Machine Intelligence in Neurologic and Head and Neck Imaging

Published:September 17, 2020DOI:
      Interest in intelligent machines is not new, and serious attempts at building machines that can solve problems and make decisions simulating what humans do were already underway in the 1950s. However, the field of artificial intelligence (AI) has clearly seen a revolutionary revival in the last decade. This is at least in part fueled by developments in application of deep neural networks for complex analytic and image analysis tasks, made possible by the impressive progress and achievements in hardware development and computing power. AI is already incorporated in our daily lives. As a testament, one must look no further than at smart phones, commonly used search engines, social media, or smart home devices. There is also increasing adoption in various major industries. Not surprisingly, there is a lot of interest in health care applications, especially in imaging, where the core data (ie, medical images) have been in digital format for many years and therefore optimally stored and available for computerized analysis and AI applications.
      There is no doubt that this disruptive technology has the potential to reshape health care in the long term. However, at least in the foreseeable future, AI’s application potential is not unlimited. Extreme scenarios of AI representing a be-all and end-all solution and replacement for everything not only are unrealistic but also do disservice to the technology by setting unrealistic expectations that could inevitably lead to disappointment, in addition to hindering engagement by the very professionals with the domain knowledge needed to successfully implement AI in the clinical setting. At the same time, most experts would agree that ignoring this technology would be at one’s own peril, and it is imperative for physicians to leverage this technology to improve health care processes. The purpose of this issue is to familiarize radiologists and other health care professionals, who are interested in neurologic and head and neck imaging, with the strengths and limitations of AI technology and its potential positive impact in improving the health care enterprise by augmenting human intelligence.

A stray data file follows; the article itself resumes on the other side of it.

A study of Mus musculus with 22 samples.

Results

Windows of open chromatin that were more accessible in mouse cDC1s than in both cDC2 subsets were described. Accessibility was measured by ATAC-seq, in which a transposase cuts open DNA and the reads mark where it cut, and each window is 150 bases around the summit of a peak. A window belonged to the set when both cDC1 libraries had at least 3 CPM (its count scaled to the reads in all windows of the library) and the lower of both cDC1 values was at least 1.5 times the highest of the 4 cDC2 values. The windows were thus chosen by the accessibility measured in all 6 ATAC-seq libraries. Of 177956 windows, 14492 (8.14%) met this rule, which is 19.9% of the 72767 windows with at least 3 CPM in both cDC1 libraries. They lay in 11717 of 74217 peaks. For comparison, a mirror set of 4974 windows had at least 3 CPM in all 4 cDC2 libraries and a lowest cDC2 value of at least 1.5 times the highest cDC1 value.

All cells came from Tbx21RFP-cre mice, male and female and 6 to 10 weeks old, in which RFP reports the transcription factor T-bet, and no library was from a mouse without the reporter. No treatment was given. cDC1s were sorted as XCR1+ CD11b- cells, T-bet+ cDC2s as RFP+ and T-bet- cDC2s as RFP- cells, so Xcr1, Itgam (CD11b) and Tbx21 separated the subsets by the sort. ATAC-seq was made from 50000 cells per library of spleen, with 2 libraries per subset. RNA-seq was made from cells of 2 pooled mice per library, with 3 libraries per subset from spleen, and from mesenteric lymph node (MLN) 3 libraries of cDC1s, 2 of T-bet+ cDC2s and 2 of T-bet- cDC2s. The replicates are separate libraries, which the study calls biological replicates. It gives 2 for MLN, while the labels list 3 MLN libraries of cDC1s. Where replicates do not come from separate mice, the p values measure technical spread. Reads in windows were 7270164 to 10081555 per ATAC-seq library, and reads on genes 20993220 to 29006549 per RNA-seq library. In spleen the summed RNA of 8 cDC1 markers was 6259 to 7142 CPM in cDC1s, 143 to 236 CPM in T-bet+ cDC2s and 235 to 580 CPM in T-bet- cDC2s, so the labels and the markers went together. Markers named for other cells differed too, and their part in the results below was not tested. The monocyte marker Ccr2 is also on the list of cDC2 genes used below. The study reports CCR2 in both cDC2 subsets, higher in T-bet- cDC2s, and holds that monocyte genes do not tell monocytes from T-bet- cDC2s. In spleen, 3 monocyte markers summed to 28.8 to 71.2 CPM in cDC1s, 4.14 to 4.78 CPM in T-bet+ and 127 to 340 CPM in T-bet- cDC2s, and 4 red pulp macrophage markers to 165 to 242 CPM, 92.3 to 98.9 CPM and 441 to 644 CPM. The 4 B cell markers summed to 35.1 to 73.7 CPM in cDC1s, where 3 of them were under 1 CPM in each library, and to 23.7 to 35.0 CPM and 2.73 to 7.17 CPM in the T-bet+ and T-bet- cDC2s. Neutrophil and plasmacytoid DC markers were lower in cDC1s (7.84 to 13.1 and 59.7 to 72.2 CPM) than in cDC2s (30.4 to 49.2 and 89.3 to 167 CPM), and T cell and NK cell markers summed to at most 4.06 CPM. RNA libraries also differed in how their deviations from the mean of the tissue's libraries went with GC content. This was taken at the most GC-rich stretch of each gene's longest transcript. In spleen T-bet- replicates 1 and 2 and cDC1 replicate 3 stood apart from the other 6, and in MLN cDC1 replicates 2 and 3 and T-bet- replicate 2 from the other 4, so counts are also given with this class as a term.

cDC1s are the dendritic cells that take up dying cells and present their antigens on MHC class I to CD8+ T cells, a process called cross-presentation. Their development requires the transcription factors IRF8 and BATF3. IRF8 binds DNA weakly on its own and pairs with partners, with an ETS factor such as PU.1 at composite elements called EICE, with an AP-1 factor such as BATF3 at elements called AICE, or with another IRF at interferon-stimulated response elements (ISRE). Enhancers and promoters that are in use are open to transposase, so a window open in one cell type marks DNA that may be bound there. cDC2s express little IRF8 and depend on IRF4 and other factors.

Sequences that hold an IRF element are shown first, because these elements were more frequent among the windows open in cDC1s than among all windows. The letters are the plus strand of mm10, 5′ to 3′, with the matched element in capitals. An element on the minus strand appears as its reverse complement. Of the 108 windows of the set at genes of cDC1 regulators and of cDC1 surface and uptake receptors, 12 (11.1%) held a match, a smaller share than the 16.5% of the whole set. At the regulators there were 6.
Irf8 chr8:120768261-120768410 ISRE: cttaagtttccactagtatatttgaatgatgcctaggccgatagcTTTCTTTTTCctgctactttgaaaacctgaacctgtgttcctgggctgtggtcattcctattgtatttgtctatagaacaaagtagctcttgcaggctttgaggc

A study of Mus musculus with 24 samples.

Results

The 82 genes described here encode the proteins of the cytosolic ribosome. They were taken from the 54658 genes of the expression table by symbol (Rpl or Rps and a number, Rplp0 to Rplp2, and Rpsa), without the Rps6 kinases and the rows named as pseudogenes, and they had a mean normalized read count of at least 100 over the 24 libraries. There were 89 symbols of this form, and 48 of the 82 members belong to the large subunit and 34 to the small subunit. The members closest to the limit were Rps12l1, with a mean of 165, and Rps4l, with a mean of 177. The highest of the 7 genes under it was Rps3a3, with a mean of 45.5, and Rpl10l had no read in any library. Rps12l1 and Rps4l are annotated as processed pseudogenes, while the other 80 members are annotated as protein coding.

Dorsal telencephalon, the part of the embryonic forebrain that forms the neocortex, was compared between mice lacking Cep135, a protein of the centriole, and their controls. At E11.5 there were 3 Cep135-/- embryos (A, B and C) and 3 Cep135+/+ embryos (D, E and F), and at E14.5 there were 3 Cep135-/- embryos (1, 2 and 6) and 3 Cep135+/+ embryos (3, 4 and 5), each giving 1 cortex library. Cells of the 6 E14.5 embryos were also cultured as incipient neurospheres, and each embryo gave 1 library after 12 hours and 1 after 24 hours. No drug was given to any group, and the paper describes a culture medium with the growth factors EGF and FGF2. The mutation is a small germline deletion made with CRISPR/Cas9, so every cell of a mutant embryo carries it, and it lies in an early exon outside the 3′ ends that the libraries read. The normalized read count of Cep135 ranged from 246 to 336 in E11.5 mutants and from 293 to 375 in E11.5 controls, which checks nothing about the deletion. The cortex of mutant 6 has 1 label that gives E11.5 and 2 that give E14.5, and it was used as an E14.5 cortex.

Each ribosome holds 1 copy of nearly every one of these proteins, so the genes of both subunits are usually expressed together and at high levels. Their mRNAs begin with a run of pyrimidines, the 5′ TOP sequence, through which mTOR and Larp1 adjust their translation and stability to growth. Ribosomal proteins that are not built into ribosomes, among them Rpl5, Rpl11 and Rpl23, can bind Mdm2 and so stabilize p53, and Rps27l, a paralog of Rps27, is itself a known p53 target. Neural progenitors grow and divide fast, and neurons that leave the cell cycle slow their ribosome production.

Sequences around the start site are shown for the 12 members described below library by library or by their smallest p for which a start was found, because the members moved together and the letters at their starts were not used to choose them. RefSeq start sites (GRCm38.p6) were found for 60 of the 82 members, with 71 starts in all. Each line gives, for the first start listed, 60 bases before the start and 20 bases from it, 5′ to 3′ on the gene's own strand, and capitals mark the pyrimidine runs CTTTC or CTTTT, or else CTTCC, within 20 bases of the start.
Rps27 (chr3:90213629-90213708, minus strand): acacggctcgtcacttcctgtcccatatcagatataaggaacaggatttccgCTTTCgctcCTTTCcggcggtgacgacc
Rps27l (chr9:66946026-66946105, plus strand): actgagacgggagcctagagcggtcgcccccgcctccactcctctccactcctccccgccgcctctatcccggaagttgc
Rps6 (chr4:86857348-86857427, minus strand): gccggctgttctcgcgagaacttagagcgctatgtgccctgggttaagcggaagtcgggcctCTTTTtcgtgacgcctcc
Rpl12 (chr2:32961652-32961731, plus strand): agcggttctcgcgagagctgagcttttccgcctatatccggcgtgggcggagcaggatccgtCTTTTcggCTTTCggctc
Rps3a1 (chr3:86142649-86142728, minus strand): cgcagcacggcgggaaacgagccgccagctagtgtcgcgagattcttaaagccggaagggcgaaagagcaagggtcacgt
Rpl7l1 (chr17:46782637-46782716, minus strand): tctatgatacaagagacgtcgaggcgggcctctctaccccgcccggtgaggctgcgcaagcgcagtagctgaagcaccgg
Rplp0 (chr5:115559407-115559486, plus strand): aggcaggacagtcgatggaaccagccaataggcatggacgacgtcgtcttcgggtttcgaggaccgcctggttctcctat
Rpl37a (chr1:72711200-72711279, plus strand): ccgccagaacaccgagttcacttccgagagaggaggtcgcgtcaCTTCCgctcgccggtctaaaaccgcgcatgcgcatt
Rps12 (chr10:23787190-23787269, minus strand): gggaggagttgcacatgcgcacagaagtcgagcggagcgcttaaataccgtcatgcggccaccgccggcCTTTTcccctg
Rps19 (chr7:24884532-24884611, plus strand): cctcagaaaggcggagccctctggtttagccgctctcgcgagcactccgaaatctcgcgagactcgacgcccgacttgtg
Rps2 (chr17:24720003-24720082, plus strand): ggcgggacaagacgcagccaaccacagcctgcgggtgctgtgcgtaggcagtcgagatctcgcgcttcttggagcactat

This issue consists of a collection of review articles written by experts across North America that includes general technical reviews, reviews of various clinical applications in neurologic and head and neck imaging, and reviews related to the use of AI for process improvement and incorporation in smart devices. In addition to discussing current proposed image-based applications, this collection is meant to provide a glimpse into the future, as this disruptive technology is likely to blur traditional specialty boundaries and integrate different information in order to enable precise personalized therapy as part of a wholistic patient-centric care pathway. It is my hope that the content can serve as a resource and catalyst both for those unfamiliar and for those already entrenched in AI research or clinical implementation.
      I conclude by expressing my gratitude to Dr Suresh K. Mukherji for the opportunity to guest edit this issue of Neuroimaging Clinics and by thanking all the authors for their fantastic work and contributions to this issue. This issue would not have been possible without the support and patience of John Vassallo, Associate Publisher, and Casey Potter and Nicholas Henderson, Developmental Editors at Elsevier. I hope that our readers will find the issue both informative and inspiring.